How many passwords do you have for all of your online accounts? 10, 100, 1000?
I calculated my own situation and found over 200 passwords on my list. Nowadays it seems that every web site you visit or service you use requires setting up an account with a password. On top of it, many sites have complex protocols, such as requiring numbers, capital letters, or special characters, which make those passwords hard to remember. Is it possible to find a simpler way to create passwords that are easy to remember, but hard to hack?
According to a recent article in The Guardian, science editor Robin McKie pointed to a recent study that claimed the best passwords are phrases composed of three random words. Her article begins:
It is much better to concoct passwords for online accounts that are made up of three random words as opposed to creating complex variations of letters, numbers and symbols, government experts have said.
In a blogpost, the National Cyber Security Centre (NCSC) – which is part of Government Communications Headquarters – said a three-word system creates passwords that are easy to remember. In addition, it creates unusual combinations of letters, which means the system is strong enough to keep online accounts secure from cyber criminals. By contrast, more complex passwords can be ineffective as their makeup can often be guessed by criminals using specialist software.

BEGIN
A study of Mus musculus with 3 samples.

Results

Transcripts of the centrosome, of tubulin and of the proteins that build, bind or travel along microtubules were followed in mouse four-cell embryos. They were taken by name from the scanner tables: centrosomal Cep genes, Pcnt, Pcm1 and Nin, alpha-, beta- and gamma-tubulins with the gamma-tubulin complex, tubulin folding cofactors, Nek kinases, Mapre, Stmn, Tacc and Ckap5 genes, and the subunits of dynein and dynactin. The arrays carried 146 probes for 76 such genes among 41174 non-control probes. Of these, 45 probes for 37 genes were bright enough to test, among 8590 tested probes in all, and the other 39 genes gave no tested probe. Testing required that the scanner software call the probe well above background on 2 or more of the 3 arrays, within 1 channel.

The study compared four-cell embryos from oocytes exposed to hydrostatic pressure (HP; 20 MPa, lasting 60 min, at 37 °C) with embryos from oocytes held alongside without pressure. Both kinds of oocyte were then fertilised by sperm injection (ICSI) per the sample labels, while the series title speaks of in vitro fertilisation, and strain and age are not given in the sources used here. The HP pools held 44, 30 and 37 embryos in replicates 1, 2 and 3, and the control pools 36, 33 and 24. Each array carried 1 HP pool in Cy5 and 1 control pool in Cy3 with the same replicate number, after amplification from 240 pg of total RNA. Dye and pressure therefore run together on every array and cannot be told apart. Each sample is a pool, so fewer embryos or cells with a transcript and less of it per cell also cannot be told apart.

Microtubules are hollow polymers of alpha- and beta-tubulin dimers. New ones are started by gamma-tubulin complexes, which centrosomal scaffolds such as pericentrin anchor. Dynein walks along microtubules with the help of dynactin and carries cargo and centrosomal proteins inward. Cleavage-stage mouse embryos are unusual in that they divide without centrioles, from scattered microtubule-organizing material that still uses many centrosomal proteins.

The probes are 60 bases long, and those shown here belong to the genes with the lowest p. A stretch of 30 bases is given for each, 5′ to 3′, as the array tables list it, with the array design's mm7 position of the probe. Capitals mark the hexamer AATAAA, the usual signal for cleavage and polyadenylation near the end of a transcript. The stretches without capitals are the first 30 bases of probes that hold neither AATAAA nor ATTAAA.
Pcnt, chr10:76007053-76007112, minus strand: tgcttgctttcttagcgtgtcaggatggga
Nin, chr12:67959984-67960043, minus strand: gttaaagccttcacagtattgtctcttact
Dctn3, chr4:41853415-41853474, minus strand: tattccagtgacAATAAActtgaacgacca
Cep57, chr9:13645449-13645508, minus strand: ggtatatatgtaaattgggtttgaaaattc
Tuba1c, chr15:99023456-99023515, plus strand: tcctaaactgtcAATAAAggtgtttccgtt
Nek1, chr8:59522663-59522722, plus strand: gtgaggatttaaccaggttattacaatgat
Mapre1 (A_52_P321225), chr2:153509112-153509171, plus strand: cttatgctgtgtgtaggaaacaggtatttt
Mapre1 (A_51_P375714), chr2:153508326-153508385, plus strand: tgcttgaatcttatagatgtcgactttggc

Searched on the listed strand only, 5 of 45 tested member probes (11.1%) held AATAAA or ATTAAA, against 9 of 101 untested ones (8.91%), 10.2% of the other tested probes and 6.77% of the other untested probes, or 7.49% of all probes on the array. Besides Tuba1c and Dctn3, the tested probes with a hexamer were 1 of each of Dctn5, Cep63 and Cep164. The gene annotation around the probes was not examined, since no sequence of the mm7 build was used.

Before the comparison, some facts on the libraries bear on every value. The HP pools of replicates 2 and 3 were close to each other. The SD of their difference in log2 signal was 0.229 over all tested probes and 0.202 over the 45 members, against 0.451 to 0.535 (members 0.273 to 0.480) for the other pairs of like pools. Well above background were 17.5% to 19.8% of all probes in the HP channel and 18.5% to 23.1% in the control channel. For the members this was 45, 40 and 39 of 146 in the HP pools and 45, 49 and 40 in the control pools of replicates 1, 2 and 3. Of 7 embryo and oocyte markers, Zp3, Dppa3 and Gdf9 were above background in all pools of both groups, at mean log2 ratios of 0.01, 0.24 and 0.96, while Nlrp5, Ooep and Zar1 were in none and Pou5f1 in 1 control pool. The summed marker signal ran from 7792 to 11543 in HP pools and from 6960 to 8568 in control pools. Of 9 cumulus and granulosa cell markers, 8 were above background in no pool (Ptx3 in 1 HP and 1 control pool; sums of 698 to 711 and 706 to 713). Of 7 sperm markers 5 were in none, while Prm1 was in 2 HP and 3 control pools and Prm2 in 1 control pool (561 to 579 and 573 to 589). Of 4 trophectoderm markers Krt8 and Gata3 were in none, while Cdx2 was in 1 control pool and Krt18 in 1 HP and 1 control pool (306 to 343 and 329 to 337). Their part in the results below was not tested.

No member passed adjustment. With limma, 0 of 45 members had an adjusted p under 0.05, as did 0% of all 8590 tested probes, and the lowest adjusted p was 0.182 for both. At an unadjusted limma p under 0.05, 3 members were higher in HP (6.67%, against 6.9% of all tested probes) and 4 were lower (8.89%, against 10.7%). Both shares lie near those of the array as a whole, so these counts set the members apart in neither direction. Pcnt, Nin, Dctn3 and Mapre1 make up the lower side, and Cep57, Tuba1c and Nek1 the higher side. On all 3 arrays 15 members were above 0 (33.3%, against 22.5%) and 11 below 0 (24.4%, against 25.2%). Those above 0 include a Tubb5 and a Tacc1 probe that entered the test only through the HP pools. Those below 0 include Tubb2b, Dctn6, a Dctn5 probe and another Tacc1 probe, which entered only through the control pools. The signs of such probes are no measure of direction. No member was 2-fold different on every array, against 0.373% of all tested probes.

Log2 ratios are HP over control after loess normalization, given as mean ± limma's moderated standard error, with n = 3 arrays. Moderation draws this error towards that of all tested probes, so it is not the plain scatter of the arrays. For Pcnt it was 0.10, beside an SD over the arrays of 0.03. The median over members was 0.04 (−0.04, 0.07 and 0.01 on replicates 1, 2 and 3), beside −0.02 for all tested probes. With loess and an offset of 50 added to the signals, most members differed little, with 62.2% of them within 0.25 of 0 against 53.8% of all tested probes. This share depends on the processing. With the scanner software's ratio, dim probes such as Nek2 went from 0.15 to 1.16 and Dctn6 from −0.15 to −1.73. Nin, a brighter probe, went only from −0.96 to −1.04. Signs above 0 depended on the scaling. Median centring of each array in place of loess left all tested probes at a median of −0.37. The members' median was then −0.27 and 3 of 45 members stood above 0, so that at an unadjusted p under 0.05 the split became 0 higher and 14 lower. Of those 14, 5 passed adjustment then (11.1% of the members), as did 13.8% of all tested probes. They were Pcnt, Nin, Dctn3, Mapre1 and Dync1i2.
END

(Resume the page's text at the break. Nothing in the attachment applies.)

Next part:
Of course, many sites still have strict character requirements, but if this idea is true, we can all move away from odd rambling passwords composed of letters or numbers that are impossible to remember. Instead you can go with such combinations as: Tree-Car-Garlic; Rose-Titanic-Algae; River-Doughnut-Tornado; or Sewer-Stop-Gloat. (A random number could be added at the end if needed.)
To learn more, read the rest of the article on the Guardian’s web site.